Saturday, May 07, 2011

Signs of the Times

I found out this morning in a roundabout way the high school I graduated from will be hiring an art teacher for grades 4, 5, and 6 for the fall. The teacher will be employed full-time and will teach darkroom photography and printmaking to elementary classes.
Yes, you read that right.

Students in upper elementary grades will be learning darkroom photography and printmaking.

First of all, I don’t have to tell you the economic climate of the United States over the last couple of years hasn’t exactly been agreeable to many in the teaching profession. Education has experienced delays with contracts, budge cutbacks, and programs have been pared down or cut out all together. Teachers have been required to take furlough days and in many instances positions have been deleted totally.

Art and music have been hit especially hard in public school systems. Unfortunately, they always seem to be the first programs to go when there are money issues.

I doubt there are very few public schools today teaching darkroom photography and printmaking to any class let alone a class of young children, and of course, one of the main reasons Woodward Academy can afford this “extra” for students is Woodward is one of the top private schools in the Atlanta area.


What a terrific opportunity to teach what may be a dying art. Bob Smith, a local photographer in my neck of the woods states, “This is interesting …I guess it’s great to expose them to the way [photography] used to be done, but in ten years, they may have to buy the chemicals themselves to do the developing. I wonder what types of film will still be sold in ten years. You have to go to professional photography shops……just to buy old 120 film that went in every camera since World War II…and they have to wait on the manufacturer to produce the next allotment.”

Think about the implications for teaching history by having a darkroom photography and printmaking class. Even our youngest students are familiar with digital cameras. Many are very savvy with the Internet, camera phones and Photoshop. They know modern photography, but by teaching older methods students can learn about the methods of Mathew Brady whose Civil War images still get history students involved directly in the war.

Students can view this image….a street scene by Nicephore Niepce, one of the earliest photographic images from 1826. The method used for this print is called Heliogrgraphy, which means ‘sun writing’. The process took eight hours of exposure time…..notice the light is on BOTH sides of the street.

This image is an iconic one showing the damage from the San Francisco Earthquake in April, 1906 by Arnold Genthe. 

Young students can relate to this image since the age of these young boys is close to their own.  The title of the photo is “Breaker Boys”.   Lewis Hine used his photograph to change life for children all across the United States in 1910.   Breaker boys were employed in coal mines to separate the coal from slate.   Hine travelled the country taking images of child laborers.   Soonafter, a law was passed outlawing child labor.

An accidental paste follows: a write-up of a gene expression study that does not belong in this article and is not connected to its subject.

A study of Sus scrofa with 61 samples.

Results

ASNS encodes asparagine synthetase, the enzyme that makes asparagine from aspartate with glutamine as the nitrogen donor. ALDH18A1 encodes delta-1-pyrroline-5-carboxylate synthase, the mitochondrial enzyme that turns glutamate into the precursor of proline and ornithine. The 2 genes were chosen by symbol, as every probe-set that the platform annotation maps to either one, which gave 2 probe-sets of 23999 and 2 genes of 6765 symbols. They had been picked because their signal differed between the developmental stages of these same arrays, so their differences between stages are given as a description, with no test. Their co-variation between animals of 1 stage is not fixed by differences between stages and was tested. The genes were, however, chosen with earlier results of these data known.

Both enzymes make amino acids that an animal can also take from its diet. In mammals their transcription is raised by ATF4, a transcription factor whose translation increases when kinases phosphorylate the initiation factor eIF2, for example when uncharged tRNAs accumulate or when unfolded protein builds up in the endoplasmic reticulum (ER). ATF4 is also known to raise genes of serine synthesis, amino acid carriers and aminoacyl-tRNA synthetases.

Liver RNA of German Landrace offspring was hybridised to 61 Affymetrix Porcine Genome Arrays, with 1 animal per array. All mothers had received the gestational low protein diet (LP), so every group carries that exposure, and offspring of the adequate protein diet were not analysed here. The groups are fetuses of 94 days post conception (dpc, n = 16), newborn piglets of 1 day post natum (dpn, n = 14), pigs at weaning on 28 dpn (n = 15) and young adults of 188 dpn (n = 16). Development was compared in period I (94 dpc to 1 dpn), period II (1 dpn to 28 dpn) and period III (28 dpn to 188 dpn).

The next image is the most famous of the four I’m featuring here.   Who hasn’t seen this haunting image of Florence Owens Thompson taken by Dorethea Lange in Oklahoma during the Great Depression in 1936?  It's called "Migrant Mother."

Photography is a powerful way to study history. Images of the past are signs of the particular times we are viewing. We can see how things looked, how people dressed, and how they wished to portray their present for future generations to see.

Historical images are great hooks to draw students in, and what better way to draw them in further than by teaching photography methods that seem to have gone by the wayside in many circles.

In today’s digital world anyone can snap an image and manipulate any way they wish and in doing so they can call themselves a photographer. Mr. Smith states, “I have a pro version of Photoshop CS4 now, and I can take a DSLR color photo and make and make it look like an old fine art black and white print from 60s. I can burn and dodge the photo just like Ansel Adams except it is digital and not like taking your hands to block out the light when the print is being exposed to the negative like Adams did.”

I have to agree.

Where is the knowledge….the craft, and does it suffer at the hands of technology?

Signs of the time, indeed.


Barbara said...

I like the idea of teaching darkroom photography and printmaking to elementary classes. This year my homeschooled son took photography and we studied the history of the art using National Geographic's "The Book of Photography: The History, The Technique, The Art, The Future." We both enjoyed learning about photography's beginnings, photography's contribution to learning about our world and situations, and the individual styles and interests of various photographers. Will we ever have a resurgence of pinhole cameras or darkrooms? I seriously doubt it since digital has become the norm, but learning history of anything adds to it's lustre.

cowgirl said...

Although I truly appreciate teaching children history through photography, I'm not sure that I would agree with dedicating a teacher and their salary to strictly photography and darkroom practices for 5th graders. I hope that this school has plenty of teachers covering standard subjects, and physical education, before using ever shrinking financial resources in this manner. I feel confident that the parents will let their feelings be known, either yea or nay.